Fu Zhenghua, China’s former justice minister and deputy police chief, seemed to have all the stars aligned for a high-flying official career. But instead, the 66-year-old has now become a target himself in Xi’s relentless crackdown on graft and disloyalty, which critics say has also been used to purge political rivals.
The one-sentence statement did not offer any details, yet intriguingly sparked an outpouring of cheers and applause online — from rank-and-file police officers and prison guards to investigative journalists, human rights lawyers and intellectuals.
In Xi’s China, the purges of political rising stars and powerful officials have become a common occurrence. But what’s remarkable about Fu’s downfall is how widely it is being celebrated — both by people working for the regime, and by those who have been subject to its repression.
Fu cut his teeth as a criminal investigator for the Beijing police. He first made his name in 2010 — just months after being named the city’s police chief — when he launched a prostitution crackdown on several high-end nightclubs said to have influential political connections.
Following news of his downfall, several veteran investigative journalists said on social media they had been targeted by Fu for their hard-hitting reports, on topics ranging from illegal detention of petitioners to local government corruption.
“The targets of Fu Zhenghua’s crackdown are people at the core of China’s civil society. Therefore, the country’s whole intellectual sector and the wider public are all thrilled by (his fall from grace),” said Wu Qiang, a political analyst in Beijing.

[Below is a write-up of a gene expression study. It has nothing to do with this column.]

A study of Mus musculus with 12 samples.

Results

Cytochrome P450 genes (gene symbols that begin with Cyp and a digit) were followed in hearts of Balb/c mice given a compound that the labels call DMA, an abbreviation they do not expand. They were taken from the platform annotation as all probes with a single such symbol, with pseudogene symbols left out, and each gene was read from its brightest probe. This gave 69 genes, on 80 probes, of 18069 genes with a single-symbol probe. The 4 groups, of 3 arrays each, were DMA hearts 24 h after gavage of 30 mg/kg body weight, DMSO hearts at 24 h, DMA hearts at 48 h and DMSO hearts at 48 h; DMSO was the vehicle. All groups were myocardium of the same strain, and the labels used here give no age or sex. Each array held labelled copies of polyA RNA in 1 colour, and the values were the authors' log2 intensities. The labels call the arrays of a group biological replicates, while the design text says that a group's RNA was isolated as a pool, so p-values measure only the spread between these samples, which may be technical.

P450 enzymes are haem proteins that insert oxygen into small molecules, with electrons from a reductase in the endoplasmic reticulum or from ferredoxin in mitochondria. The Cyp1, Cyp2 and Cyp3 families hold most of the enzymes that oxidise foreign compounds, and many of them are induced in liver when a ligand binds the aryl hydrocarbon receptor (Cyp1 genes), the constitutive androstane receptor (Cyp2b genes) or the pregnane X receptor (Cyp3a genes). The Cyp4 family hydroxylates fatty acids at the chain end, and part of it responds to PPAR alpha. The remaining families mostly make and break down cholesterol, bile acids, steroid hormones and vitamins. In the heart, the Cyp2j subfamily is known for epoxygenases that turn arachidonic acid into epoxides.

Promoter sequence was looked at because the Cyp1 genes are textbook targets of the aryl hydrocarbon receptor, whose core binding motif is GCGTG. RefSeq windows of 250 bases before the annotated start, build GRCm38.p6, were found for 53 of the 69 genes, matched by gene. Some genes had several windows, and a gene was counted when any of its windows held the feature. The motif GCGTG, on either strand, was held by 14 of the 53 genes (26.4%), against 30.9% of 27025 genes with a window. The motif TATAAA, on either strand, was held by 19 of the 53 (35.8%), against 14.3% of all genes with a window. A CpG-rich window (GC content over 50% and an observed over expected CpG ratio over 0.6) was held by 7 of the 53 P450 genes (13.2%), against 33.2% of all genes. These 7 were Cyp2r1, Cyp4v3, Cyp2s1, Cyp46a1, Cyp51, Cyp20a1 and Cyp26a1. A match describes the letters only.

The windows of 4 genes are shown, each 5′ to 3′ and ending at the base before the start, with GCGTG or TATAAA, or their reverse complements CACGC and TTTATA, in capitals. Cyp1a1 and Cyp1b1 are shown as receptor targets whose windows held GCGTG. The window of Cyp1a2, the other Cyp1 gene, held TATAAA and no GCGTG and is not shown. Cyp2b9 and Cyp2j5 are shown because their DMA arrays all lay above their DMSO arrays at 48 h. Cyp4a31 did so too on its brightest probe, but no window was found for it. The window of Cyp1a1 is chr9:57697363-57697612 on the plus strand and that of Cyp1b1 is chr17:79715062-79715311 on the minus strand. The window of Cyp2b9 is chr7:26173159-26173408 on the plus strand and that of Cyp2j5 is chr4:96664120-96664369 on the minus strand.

“His rise to power represented the aggressive iron-fist approach that has shaped China’s governance over the past decade.”
Fu’s heavy-handed approach was also applied to police officers and prison guards, some of whom applauded their former boss’ downfall as “most gratifying.” Commenting on social media, many accused Fu of imposing grueling and unreasonably harsh requirements on grassroots officers, such as not allowing prison guards to take breaks during night shifts.
Officials in China’s domestic security apparatus were urged to “turn the blade inwards and scrape the poison off the bone,” and to expose “two-faced people” who are disloyal and dishonest to the party.
Wu, the analyst, said the series of purges betray the fragility of trust from the Chinese leadership in the country’s domestic security agencies.
“It is very difficult for Beijing to have political trust. This is the biggest crisis in its governance,” he said.